Republicans introduce bill to ban abortions after 20 weeks of pregnancy


The bill, SF649/HF936, makes it illegal to perform an abortion after 20 weeks, and, in anticipation of legal challenges to the law, it creates a defense fund for the state using taxpayer money and “any donations, gifts, or grants made to the account by private citizens or entities.”

“There is substantial medical evidence that an unborn child is capable of experiencing pain by 20 weeks after fertilization,” the bill reads. “It is the purpose of the state to assert a compelling state interest in protecting the lives of unborn children from the stage at which substantial medical evidence indicates that they are capable of feeling pain.”

Despite the bill’s claims, there is also substantial medical evidence that a fetus isn’t capable of feeling pain until about 24 weeks, but researchers aren’t yet clear about when a fetus’ nervous system begins to process painful stimuli. Since 2005, research has shown that the brain structures are not formed until 28 weeks.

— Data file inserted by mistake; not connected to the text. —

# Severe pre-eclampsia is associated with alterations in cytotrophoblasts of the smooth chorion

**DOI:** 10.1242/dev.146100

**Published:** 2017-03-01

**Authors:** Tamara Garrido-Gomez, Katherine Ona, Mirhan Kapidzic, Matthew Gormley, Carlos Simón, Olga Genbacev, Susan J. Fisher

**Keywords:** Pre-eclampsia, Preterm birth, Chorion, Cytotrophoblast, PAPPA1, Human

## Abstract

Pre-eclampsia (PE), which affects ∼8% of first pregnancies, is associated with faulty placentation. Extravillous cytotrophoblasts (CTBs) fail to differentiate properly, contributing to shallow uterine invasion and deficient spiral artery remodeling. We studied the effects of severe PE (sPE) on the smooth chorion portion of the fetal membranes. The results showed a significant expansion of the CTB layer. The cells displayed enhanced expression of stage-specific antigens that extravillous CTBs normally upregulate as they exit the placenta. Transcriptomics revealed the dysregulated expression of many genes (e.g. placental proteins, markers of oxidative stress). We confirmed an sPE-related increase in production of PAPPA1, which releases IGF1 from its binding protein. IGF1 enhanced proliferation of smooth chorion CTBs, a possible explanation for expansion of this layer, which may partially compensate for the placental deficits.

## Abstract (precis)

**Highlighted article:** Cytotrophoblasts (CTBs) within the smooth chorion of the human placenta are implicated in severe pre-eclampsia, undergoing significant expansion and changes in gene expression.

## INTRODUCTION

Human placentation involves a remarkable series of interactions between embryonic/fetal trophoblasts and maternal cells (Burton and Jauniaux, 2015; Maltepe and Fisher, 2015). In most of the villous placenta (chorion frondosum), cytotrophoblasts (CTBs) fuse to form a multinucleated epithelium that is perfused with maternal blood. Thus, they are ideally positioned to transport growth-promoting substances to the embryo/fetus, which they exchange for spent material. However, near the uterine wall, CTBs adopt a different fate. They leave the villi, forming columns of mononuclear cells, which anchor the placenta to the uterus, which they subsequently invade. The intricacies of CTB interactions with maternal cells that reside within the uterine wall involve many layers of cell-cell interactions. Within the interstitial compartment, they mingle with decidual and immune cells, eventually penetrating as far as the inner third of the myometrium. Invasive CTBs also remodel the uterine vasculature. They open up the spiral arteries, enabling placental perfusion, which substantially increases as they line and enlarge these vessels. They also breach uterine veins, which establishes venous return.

The bill is modeled after a similar bill passed into law in Nebraska last year, and Minnesota joins that state in having the most restrictive anti-abortion laws in the nation.

Nebraska’s law was the topic of a Des Moines Register feature on Sunday about Danielle Deaver, who was prevented by the law from having an abortion for a fetus doctors said wouldn’t survive if born. Doctors told Deaver and her husband that there “was less than a 10 percent chance their child would have a heartbeat and be able to breathe on its own,” the Register reported. “There was an even smaller chance – estimated at 2 percent – that the baby would ultimately be able to perform the most basic functions on its own, such as eating.”

After delivery, the child survived for 15 minutes.

“I get so frustrated,” Deaver told the Register. “I just think if they (lawmakers) thought about their daughter, their sister, their mother, their wife being in this situation, they would never want them to go through that.”

Minnesota’s bill was introduced by Sens. Gretchen Hoffman of Vargas and Warren Limmer of Maple Grove, and House Majority Leader Matt Dean of Dellwood, Rep. Mary Liz Holberg of Lakeville, and House Speaker Kurt Zellers of Maple Grove.